This past Monday, my son, a 2nd grader here in Queens, NY, came home and told me that his library teacher had read aloud to them from a children's book about Barack Obama's life. He proceeded to tell me several details from Obama's story and it got me wondering: did the teacher also read a book to the class about John McCain?
It sounds silly to be stumping for equal time in a 2nd grade class, but in the interest of fairness, I thought if they're teaching this as a current event, why wouldn't they read from a McCain book as well, right? When I asked my son if he knew who else was running for President, he knew that McCain was, but said that the teacher didn't have a book about McCain's life to read to them.
Naturally, I was curious to find out if the librarian indeed didn't have a bio of McCain, or if she wouldn't be reading about McCain to the class out of some personal choice, bias, time limitation or whatever. I spoke to an administrator at the school, and the moment I started to tell her of my concern about the situation, I knew I had turned into my own father. It was a little embarrassing and I think she regarded me as somewhat of a nutcase, but I felt like I needed to say something. I love teachers, they're heroes of mine, but I wouldn't put it past some of the more liberal-minded teachers in the NYC school system (read: 98% of them) to take it upon themselves to do these kids the "service" of pushing them in the right direction politically.
I continued to push ahead with my queries anyway, asking the Assistant Principal if the political lesson was part of the curriculum by School Board mandate or by this specific teacher's choice, and I also volunteered that if the school library didn't in fact own a children's bio on McCain, I would be glad to donate one. This prompted a quizzical look, as if to say, "Is this guy serious?!?"
The AP told me that the teachers had been warned against electioneering at the school, and that no buttons or posters were to be worn or displayed anywhere in classrooms or on school property. She told me she would relay my concerns to the Principal, and get back to me on the situation as soon as possible. Not waiting for the wheels of bureaucracy to turn, I went right to the source. I asked my son on Tuesday morning how Library class went, and he said they'd finished up the Barack Obama book, and did I know this or that detail about his life, etc... Still no McCain bio to be had, though, and my son told me that the teacher said they would be moving on to a new book during the next class, and it was not about John McCain.
Listen, I'm not saying this is Watergate or anything, or that I'm going to be taking this to the Supreme Court or any of the other hysterical avenues where issues at schools have ended up in the recent past due to parents with little else to do with their time. Yes, I can already hear people shrieking that I am one of those parents, but I think this episode bears watching because these are the kind of subtle things that occur at a very formative time in a child's life that can help tip a kid in a certain direction later on. This I know from my own experience.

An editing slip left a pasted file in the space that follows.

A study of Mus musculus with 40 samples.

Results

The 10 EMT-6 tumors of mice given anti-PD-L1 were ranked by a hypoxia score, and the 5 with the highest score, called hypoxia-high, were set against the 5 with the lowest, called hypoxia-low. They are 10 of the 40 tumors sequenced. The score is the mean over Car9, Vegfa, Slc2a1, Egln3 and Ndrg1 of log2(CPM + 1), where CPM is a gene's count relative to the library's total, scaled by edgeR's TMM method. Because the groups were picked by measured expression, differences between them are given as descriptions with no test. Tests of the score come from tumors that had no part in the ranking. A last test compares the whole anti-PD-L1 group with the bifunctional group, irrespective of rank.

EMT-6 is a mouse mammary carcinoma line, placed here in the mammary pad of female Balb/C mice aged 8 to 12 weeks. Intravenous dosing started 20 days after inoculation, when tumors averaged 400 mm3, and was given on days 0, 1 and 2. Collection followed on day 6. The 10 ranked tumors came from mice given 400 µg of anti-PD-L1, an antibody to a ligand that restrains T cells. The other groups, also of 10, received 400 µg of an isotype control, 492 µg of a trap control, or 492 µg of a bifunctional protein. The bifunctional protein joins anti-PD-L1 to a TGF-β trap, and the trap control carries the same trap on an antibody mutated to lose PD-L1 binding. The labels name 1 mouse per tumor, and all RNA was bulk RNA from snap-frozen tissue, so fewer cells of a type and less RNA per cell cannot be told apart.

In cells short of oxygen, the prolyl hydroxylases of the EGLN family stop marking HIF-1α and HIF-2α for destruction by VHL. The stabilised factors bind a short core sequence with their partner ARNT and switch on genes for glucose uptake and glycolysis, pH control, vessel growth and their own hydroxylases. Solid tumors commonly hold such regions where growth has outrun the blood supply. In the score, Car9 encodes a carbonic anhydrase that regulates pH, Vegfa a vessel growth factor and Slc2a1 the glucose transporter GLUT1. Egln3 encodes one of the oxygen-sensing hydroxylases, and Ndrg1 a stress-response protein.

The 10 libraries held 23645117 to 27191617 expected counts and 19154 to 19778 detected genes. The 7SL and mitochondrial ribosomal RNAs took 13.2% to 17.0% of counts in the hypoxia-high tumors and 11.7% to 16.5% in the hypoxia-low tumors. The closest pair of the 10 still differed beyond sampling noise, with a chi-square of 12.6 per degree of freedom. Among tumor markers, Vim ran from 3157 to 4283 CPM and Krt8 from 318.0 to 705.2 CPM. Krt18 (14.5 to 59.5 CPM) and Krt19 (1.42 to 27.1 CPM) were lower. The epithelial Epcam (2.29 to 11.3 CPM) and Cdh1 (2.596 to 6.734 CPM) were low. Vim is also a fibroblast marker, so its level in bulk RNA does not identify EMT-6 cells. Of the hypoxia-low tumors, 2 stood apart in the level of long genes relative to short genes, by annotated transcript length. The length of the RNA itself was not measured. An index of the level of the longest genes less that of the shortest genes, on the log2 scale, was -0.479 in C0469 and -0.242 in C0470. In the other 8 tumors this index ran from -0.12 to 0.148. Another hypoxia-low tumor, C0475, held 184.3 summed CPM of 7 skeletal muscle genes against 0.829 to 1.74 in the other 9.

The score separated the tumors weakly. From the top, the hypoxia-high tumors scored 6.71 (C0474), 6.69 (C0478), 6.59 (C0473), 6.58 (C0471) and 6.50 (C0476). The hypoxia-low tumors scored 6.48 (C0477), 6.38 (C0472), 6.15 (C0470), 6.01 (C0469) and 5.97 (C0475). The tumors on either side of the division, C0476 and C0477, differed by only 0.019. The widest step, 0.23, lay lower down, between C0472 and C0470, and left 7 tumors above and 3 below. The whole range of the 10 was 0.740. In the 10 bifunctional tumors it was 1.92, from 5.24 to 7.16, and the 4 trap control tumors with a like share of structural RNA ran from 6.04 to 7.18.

I heard my own father, an Archie Bunker type, arguing about Vietnam with my rich white-guilted liberal neighbors when I was a kid, and Nixon was the first politician whose name my father screamed in defense of, and I vividly remembered that later on when we had a mock Presidential vote at my own school in 1976 (Ford v. Carter). Imagine my classmates' horror at seeing me stand up in defense of Nixon's record (and by extension, Ford), practically frothing at the mouth like my Dad used to do... nice political debut, eh? But many people get their first exposure to politics from their parents; getting political views from a teacher at elementary school is another story altogether. God forbid somebody tries to pray in a public school, the whole country goes into a tizzy at the mere thought of it, but somehow, this is supposed to be benign. I'm not buying it, or going gentle into the night on this. I'm beginning to feel a little less sheepish, though I'm sure that playground whispers may follow from other parents if they find out.
Indoctrination is a fact of life, especially at institutions of higher education across the country, and I want to make sure that my son's school treats the coming election in an even-handed way and shows the kids both sides of the story, instead of just the side of the story they think should be told.